Morning Edition: November 8, 2002

Unmanned Planes, Missiles Hold Key to Air Power

BOB EDWARDS, host:

Last Sunday's missile attack in Yemen on a car said to be filled with al-Qaeda members proves America's ability to strike just about anywhere from the air. CIA agents used an unmanned aerial vehicle, known as a UAV, to track the car and fire the missile that killed the car's occupants. NPR's Eric Westervelt reports that the US Air Force has only begun to tap the potential of its arsenal of smart weaponry.

ERIC WESTERVELT reporting:

Air Force chief of staff General John Jumper has that intense, steely gaze befitting his 36 years in the world's most powerful military. But the former Vietnam combat pilot becomes just a little more animated and wide-eyed in a four-star general kind of way when you ask him about the near future of air combat.

General JOHN JUMPER (Chief of Staff, US Air Force): Imagine, for instance, the notion of a hovering UAV that might be equipped with a very precise sniper-type weapon on it that could have a sensor of some type that could see through walls, and you could map urban environments in three dimensions, and you're able to pinpoint a target on the 10th floor third window over and see through the wall in a way that you could put some sort of debilitating device through there, or snipe through the window.

WESTERVELT: The Air Force isn't there yet, but it's working on it. Secretary of the Air Force, James Roche, tells NPR that he's ordered that all new Predator drones be equipped to launch Hellfire missiles or other weapons.

Secretary JAMES ROCHE (US Air Force): There's no reason to build ones that would not. They don't have to be used that way, but if they are going to be there, we want to give our local combatant commanders the choice.

WESTERVELT: Some of those new drones will be ready, Secretary Roche says, if the order comes to attack Iraq. Drones, of course, don't have the quick reaction judgment of a live fighter pilot, and in an urban fight, the Air Force would likely rely more on manned aircraft and their portfolio of satellite-guided bombs, or JDAMs, Joint Direct Attack Munitions. Close-quarter fighting in downtown Baghdad, with some five million civilians, is a far different environment than the wide-open valleys of Afghanistan, where JDAMs first saw widespread use.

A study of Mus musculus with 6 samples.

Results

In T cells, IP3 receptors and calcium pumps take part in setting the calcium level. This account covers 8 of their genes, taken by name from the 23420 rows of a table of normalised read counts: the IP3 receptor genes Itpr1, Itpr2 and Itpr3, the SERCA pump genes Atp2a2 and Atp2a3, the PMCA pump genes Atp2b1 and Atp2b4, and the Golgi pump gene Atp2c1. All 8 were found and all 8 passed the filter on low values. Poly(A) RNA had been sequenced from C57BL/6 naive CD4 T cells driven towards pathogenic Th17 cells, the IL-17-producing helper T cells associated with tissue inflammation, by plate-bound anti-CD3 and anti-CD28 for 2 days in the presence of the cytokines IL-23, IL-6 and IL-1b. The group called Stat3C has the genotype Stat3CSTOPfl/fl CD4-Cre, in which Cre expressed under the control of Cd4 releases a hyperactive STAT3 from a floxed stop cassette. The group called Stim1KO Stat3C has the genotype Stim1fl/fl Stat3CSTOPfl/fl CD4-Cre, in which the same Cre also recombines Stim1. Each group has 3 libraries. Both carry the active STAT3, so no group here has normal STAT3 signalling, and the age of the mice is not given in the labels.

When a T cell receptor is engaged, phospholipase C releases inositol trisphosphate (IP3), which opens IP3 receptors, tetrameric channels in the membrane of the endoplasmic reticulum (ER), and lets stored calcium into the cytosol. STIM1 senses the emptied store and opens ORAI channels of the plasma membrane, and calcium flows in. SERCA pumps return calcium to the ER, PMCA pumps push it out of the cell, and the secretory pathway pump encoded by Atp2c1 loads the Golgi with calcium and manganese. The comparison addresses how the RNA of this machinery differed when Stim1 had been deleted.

This B-1 bomber pilot from Texas asked that his name not be used. He says in any urban air operation, precision bombs could reduce civilian casualties and damage to important cultural sites. But he admits there are no guarantees.

Unidentified Man #1: That there's a church, a mosque, something close to a strategic target that we're taking out, then we can take out the target and leave the other stuff unscathed. Now it depends on how close the--collateral damage is what we call it--how close that is to the actual target.

WESTERVELT: To minimize civilian casualties and collateral destruction, Secretary Roche says the Air Force must produce more smaller-sized precision weapons.

Sec. ROCHE: We are, in fact, motivated and are working as fast as we can to get precision into smaller weapons. So, for instance, we have 2,000-pound bombs that are very precise, and we have 1,000-pound bombs. We want to drive that to 500 to 250-pound, because as precise as they may be, they can still go off, something can go wrong, and you want to limit collateral damage.

WESTERVELT: Since 1999, the Air Force has ordered nearly 250,000 of the regular-sized precision-guided bombs. And the Air Force will soon add a new precision weapon and another acronym to its arsenal, JASSM, or Joint Air-to-Surface Standoff Missile.

Unidentified Man #2: If you'd like to go over here, we have one of our newer weapons.

WESTERVELT: JASSMs can be launched from any bomber or fighter, and while also satellite guided, the JASSM will have radar-evading technology. They'll be used to attack heavily defended, high-value targets from longer distances. The JASSM's full range is classified, but Air Force officials say it's been successfully tested at targets more than 200 miles away. While also a precision bomb, each JASSM will have its own rocket motor and wings, like a small airplane that explodes. This sergeant is a munitions expert at Missouri's Whiteman Air Force Base.

Unidentified Man #2: And these fins underneath here that you see will come out and it has approximately a 14-foot wingspan. The rocket motor will fire up. It flies right in. It is a stealthy-type weapon as well.

WESTERVELT: But the best technology can do little to help Air Force crews with the basic human need for rest. It's been an incredibly hectic 12 months for the Air Force. They've executed the air war and ongoing operations in Afghanistan, and the continued enforcement of the no-fly zones in Iraq. This B-52 bombardier, who asked not to be named, is just back from a four-month deployment in Afghanistan.

Unidentified Man #3: It wears on you. You deal with the family separation. We all know that that's part of the game. You know, you get ready to go, you prepare yourself and your family and you go to it. And you go through your ups and downs while you're gone, but once you get back, you get some down time with them and kind of recharge your batteries, get to know your family again and get ready for the next round.

WESTERVELT: The busy schedule also means experience. Nearly 70 percent of all active Air Force pilots and crews have now seen combat. And after more than a decade flying almost daily over parts of Iraq without ever losing even one airplane, one Air Force commander says many of their pilots know Iraq's terrain, quote, "like they know the route to church on Sunday." Eric Westervelt, NPR News, the Pentagon.

EDWARDS: The time is 19 minutes past the hour.